Moonlight BrideMoonlight Bride
Chattanooga-based indie-rockers Moonlight Bride have been curiously absent from the local scene since our cover story earlier this year. Now we know why. The band has been holed up recording a new EP and full-length album.
The new EP, Dead Language, was released digitally on Dec. 4, on all the major online retailers and was preceded by a performance on Nov. 30 at JJ’s Bohemia.
On their latest release, the foursome explore what it means to be dark yet warm, quiet yet loud, refined yet still retaining an often chilling rawness.
“I feel like good, stripped-down songwriting is becoming a lost art,” explained frontman Justin Giles. “Our generation is obsessed with the flash and flare of some pawn dancing around and pressing a couple of buttons and calling it electronic or dub- step. Dead Language is anti that.
“We’ve had the idea of doing this sort of B-side compilation for awhile now,” Giles continued. “It’s a group of songs we recorded and always liked, but just didn’t seem to fit with the material that we’ve been putting together for the new album.”
The band is currently working on their new full-length LP, which is projected to be released late next year. Dead Language sets the tone as the band progresses and is available digitally via iTunes, Amazon, Spotify and Rhapsody. The EP is available for streaming on thesouthrail.com, and includes five tracks: “Open Waters, “Wild Heart,” “Diego,” “It Could Happen” and “Silver Slumbers.”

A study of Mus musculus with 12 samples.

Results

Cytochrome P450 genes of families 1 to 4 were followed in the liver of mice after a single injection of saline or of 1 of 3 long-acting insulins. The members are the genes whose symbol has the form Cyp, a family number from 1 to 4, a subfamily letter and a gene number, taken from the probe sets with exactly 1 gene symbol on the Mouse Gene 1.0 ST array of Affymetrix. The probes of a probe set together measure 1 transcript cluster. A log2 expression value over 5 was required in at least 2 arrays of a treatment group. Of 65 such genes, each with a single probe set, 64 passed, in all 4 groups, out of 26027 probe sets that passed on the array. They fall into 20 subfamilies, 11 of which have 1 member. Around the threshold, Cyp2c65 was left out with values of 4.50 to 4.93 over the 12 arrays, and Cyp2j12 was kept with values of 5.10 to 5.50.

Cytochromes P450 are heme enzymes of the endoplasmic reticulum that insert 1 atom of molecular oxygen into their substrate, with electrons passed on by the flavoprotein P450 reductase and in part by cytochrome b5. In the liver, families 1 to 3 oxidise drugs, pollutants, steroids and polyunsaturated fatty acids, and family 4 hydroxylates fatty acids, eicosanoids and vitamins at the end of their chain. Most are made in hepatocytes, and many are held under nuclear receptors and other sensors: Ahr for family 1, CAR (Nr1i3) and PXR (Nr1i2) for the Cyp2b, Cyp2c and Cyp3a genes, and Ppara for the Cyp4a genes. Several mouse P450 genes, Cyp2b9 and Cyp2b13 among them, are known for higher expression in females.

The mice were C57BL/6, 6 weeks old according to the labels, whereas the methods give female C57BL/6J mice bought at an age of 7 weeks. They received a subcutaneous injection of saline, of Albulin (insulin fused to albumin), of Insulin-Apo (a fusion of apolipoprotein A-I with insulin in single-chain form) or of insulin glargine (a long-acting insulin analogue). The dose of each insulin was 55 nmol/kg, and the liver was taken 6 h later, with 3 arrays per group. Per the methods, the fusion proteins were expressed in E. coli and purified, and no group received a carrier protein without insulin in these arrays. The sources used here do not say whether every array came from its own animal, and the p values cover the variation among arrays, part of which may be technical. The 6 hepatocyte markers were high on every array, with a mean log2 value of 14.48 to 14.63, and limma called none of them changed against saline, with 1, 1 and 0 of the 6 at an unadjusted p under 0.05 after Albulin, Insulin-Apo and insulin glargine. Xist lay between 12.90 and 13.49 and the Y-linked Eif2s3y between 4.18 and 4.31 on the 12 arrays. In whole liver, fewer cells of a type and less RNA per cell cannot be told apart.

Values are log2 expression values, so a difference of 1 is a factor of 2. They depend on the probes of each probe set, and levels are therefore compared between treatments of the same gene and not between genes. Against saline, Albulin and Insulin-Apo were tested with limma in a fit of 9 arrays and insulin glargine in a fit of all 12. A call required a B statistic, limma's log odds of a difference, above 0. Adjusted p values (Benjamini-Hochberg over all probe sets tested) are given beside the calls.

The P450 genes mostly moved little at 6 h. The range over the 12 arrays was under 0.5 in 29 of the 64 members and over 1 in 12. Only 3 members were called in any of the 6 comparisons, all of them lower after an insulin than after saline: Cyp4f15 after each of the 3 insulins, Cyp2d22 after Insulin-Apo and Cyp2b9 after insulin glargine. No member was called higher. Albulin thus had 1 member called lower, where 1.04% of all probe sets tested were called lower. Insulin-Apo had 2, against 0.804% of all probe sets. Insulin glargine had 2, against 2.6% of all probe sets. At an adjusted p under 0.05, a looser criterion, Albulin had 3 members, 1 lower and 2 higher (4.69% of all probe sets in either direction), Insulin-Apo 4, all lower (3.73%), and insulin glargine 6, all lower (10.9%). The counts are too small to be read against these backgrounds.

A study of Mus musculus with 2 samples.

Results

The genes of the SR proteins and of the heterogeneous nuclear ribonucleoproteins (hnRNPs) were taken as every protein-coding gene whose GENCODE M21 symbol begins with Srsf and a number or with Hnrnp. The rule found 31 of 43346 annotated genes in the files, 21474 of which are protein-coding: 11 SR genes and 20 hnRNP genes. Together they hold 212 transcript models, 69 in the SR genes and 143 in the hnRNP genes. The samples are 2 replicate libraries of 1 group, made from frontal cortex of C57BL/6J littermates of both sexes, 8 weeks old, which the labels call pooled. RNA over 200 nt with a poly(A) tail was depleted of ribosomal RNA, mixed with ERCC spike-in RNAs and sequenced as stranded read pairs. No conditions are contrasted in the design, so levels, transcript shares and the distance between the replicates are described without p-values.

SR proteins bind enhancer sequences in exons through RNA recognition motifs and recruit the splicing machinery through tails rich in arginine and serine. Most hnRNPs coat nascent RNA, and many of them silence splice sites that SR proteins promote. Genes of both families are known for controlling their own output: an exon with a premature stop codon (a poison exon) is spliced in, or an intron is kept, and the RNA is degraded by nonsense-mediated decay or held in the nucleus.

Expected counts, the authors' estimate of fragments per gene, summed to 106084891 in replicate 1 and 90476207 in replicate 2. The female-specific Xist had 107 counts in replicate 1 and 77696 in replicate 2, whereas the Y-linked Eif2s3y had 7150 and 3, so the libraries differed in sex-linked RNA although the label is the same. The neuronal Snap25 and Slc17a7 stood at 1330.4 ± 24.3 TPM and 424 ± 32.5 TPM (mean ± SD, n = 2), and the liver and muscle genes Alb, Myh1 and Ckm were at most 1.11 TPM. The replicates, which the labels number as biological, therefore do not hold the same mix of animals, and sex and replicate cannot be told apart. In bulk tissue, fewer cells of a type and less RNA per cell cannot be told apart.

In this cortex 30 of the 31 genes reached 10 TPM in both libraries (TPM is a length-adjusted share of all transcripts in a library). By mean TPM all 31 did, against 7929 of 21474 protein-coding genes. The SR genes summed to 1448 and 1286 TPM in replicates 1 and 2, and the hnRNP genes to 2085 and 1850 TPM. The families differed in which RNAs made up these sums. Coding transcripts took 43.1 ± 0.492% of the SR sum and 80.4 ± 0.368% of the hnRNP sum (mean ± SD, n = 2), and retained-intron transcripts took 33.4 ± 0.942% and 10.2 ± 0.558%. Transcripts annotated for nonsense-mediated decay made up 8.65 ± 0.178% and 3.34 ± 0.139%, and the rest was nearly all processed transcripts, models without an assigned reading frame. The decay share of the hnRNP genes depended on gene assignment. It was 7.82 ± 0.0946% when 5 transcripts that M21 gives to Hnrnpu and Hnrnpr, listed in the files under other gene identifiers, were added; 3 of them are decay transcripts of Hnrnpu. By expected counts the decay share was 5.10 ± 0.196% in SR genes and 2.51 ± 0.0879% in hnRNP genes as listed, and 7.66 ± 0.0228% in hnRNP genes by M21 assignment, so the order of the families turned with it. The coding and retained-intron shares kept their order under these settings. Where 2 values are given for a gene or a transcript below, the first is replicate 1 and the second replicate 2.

The Hearts in Light will mark the release of its new double vinyl album, Ascend, on Saturday, Dec. 8, during a performance at Barking Legs Theater.
“To my knowledge we are the first Chattanooga band to ever release a double vinyl which was completely engineered, recorded, produced and mastered in the Scenic City,” said Kyle Malone, who fronts the band with his wife, Stacey Sausa, plus bassist Seth Ferguson.
Malone describes the 22-track album as “new age/exotic pop song-cycle with radio-friendly and dance-pop singles weaving the album together and making it a combination of experimental new age and tribal-sounding synth tracks, as well as easily accessible pop singles—something like the Beach Boys’ Smile or Pink Floyd’s Dark Side of the Moon.”
Malone produced the album over the past year and took a few breathers to tour Alaska and the Bahamas, where the supposed ruins of Atlantis are located.
“I took the band there a few times over the summer to play gigs and dive at the ruins of Atlantis,” he said.
Pulse music critic Ernie Paik reviews the album this week in “Between the Sleeves” on Page 22.